Charcuterie is a French word for cooked meats usually served as an appetizer with cheeses and the tastes can be enhanced by smoking the meats and cheeses first.
Meaning of the Word 'Charcuterie'
The word charcuterie derives from two separate French words, chair, meaning flesh, and cuit, which means cooked. It's been around since at least the 15th century, and the word was originally chaircuiterie, but it's changed slightly over the years. It was a way of preserving meats before the days of refrigeration.
Back then a charcuterie usually meant a pork butcher's shop, as well as the cooked meats that you could buy there. The person who sold the meat was a charcutier. Pork was the main meat that was widely sold because beef was an expensive treat, and chickens were something that many peasants kept for themselves for both eggs and meat.
What is Charcuterie Today?
The most common cooked meats from the pig are ham, sausages, and bacon, although if serving or ordering a charcuterie it can also include patés and terrines, and these days it won't be confined to pork meat. You'll probably find things like chicken paté and cheeses served alongside the meats on a plate of charcuterie.
Charcuterie Around the World
Although the idea of charcuterie originated in France, the notion has spread around the world and has been adapted into different cultures. In France's neighbor, Italy, it has become antipasto or antipasti, both meaning 'before the pasta'. Antipasto is the singular, referring to the whole plate, and antipasti is the plural, meaning the dishes on the plate. As well as cooked meats, in Italy it's likely to include things like olives, sardines, anchovies, cheeses, and vegetables.
In the UK the meal has adapted into a ploughman's lunch, which is a movable feast. It will include cold meats but also cheeses, pies, a slice or two of bread, pickles, boiled eggs, salad, or any combination of these, along with appropriate condiments like mustard. The original idea was that it was whatever a farm worker like a ploughman could put in his bag and eat easily with his hands at lunchtime.
In the USA the dish is referred to as either charcuterie or just a simple meat and cheese plate, served with bread or crackers and condiments like mustard. You should also include some fruit and vegetables, for vegetarian and vegan guests.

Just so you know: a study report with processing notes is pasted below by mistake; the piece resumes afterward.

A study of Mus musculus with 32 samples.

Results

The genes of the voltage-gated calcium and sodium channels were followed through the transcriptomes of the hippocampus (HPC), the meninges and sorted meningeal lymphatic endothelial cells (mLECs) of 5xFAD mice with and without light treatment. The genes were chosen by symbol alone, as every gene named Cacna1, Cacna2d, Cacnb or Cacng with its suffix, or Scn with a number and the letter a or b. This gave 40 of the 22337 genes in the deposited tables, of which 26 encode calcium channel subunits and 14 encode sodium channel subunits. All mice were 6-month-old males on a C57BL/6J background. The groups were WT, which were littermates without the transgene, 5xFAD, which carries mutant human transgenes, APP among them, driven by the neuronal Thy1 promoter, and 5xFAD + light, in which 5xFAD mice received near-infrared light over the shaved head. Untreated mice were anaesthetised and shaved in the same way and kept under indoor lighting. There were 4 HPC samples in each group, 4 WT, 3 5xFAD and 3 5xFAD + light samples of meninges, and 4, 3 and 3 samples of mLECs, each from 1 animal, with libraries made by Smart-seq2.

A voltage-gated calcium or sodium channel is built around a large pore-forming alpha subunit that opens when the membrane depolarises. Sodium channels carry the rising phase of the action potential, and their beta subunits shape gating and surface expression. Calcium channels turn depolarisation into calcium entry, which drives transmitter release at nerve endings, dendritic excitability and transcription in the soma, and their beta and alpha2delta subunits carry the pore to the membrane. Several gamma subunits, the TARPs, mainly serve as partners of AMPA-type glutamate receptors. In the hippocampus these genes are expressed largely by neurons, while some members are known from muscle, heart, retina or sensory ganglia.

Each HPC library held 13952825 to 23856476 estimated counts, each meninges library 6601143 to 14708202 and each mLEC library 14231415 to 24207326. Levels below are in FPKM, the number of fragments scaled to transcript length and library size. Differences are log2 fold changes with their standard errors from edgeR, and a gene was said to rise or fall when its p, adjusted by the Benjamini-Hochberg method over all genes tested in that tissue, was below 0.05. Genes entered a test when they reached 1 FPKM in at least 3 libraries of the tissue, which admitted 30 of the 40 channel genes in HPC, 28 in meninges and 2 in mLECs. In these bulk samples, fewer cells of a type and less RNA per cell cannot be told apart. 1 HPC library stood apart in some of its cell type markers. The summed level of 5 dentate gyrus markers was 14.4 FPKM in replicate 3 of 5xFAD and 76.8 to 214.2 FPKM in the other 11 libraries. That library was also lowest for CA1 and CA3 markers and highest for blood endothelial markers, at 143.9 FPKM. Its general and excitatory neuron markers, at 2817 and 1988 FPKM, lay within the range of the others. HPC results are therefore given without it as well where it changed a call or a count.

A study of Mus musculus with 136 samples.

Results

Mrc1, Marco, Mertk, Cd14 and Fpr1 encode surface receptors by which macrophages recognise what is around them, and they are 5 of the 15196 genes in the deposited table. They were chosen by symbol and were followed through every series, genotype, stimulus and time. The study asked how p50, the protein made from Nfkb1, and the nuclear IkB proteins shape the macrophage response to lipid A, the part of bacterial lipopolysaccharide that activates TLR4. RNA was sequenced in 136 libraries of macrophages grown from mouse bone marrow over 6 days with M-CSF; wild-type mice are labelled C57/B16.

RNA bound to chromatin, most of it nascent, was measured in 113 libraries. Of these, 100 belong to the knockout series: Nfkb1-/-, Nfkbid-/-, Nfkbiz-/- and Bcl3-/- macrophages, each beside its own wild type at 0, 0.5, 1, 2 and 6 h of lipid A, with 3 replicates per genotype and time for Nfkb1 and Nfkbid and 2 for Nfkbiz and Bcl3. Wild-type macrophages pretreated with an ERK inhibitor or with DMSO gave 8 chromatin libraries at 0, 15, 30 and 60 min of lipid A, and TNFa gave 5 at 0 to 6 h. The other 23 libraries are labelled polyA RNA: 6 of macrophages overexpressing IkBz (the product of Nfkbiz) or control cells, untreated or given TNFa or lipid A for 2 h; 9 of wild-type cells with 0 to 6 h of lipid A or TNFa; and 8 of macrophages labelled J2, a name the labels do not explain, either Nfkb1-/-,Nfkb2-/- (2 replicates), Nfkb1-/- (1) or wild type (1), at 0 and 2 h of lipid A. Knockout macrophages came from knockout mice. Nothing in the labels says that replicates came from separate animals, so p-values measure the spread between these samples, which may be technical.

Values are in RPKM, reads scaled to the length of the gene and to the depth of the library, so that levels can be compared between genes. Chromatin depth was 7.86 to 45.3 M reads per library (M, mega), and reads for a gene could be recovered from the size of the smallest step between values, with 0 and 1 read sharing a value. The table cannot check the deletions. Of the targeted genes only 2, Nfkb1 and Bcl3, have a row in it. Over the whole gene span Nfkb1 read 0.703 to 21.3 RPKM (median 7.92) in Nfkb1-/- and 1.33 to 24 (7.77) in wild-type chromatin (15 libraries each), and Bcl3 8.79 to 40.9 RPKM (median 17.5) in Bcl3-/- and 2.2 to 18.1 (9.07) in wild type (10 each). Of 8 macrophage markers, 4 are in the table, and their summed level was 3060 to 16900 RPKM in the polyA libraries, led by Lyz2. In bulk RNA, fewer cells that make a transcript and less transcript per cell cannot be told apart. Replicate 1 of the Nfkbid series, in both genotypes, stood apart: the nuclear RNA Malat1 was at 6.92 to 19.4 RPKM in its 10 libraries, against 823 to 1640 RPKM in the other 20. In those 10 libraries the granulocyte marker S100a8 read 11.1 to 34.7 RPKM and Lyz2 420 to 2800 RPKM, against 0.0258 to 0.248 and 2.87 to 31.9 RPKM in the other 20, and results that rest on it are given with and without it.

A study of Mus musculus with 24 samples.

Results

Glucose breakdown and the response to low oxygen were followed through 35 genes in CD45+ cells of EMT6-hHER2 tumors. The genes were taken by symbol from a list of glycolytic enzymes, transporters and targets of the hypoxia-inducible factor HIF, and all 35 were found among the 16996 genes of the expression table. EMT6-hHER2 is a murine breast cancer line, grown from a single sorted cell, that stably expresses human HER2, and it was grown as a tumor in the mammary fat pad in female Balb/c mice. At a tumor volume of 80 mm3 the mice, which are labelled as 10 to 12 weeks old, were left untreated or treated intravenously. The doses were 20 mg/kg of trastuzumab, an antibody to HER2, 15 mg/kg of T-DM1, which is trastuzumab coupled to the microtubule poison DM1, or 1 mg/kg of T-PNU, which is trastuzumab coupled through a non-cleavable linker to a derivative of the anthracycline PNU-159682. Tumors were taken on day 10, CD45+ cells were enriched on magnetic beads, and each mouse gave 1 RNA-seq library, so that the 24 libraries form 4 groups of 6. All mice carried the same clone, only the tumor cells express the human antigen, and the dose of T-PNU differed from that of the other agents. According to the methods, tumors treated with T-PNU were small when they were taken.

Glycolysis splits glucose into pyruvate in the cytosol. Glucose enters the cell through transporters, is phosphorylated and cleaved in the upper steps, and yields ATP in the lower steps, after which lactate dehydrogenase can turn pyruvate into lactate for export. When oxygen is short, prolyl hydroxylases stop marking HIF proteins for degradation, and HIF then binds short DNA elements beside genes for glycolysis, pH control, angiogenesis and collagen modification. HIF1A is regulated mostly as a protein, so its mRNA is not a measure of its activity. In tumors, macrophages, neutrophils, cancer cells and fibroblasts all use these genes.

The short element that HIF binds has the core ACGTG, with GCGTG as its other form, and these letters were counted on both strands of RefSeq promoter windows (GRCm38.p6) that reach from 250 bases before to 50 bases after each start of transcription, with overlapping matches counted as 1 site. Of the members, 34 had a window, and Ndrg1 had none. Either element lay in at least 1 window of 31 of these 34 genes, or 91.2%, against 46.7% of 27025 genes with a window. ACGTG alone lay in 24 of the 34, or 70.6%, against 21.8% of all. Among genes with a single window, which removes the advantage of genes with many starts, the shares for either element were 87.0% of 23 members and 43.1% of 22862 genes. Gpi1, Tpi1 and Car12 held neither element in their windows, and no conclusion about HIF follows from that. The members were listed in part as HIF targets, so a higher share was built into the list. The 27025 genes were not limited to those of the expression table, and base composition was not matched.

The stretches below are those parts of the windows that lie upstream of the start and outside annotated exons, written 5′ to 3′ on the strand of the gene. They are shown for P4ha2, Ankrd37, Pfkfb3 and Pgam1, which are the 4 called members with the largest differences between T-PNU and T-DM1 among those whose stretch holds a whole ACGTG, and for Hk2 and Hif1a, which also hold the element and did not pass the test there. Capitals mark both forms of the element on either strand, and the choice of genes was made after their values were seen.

What to Drink with Charcuterie
As charcuterie originated in France, the majority of people would have drunk the local wine. It's traditional to pair red wine with meats, and a merlot or pinot noir would certainly go well. However, charcuterie is very adaptable and because of the salty nature of some of the dishes, you can also try a crisp white wine or even a sparkling wine, like prosecco.
In the UK it's traditional to drink beer with your ploughman's lunch, as that's what workers would have drunk. It was common then for people, even children, to drink weak beer rather than water, as it was less likely to be contaminated. In the USA you can drink beer or wine, or anything else.
How to Serve Charcuterie
Charcuterie is a dish meant for sharing, so you'll need a large serving board to make sure there's enough for everyone. You can serve charcuterie up as individual dishes for people if you like, and these can look good, but it's much more fun to give people a small empty plate and for everyone to dip in and share from the main board.
You can use a plain and simple cheese board for your charcuterie, but if you enjoy entertaining or want to impress someone special, then use a special serving board. You can find wine-themed charcuterie boards, plain charcuterie boards, or even bourbon-themed boards. Yes, you can serve bourbon with charcuterie. A sweeter wheaty bourbon is the perfect match for salty hams and bacon. If you can casually mention that you made your own wheated bourbon, so much the better!
Two Great Ways to Improve Your Charcuterie Board
There are two more ways you can make your charcuterie stand out from the crowd, apart from only using the best of ingredients, of course. The first way is visual: the presentation. When you bring your board to the table you want your guests to say: 'Oh, that looks good!' To find some inspiration look at how other people have done it on somewhere like Pinterest.
The second way to improve your charcuterie board will have your guests asking for it next time they come, and that is by smoking some of the meats and cheeses. Who doesn't like smoked hams or smoked cheeses? And what could be more fun than to smoke your own using something like this Foghat Smoking Cloche Set?
The Foghat actually comes with a charcuterie board, which tells you what it's designed to do. With one of these devices, the sky's the limit with what you can do to improve the meats and cheeses you serve. You don't want to overdo it and smoke everything in sight, but put a couple of smoked cheeses and a couple of smoked meats on your board and you'll probably find they're the first to get finished.
The great thing about this is that you can do it ahead of time, and also you're only limited in what you can do by your imagination. Suppose, for example, you do have some bourbon-loving friends coming over for dinner, and you want to serve some shots of bourbon or a bourbon cocktail with your charcuterie. What better than to smoke some salami or Swiss cheese with some Bourbon Resurrection Smoking Fuel? Try taking a plain cheese like cheddar or mozzarella and give it the treatment with something like Sweet Texas Mesquite Smoking Fuel. Or make your own Hickory Smoked Cheddar.
So now you know not only what charcuterie is, but how to take your own charcuterie board to the next level.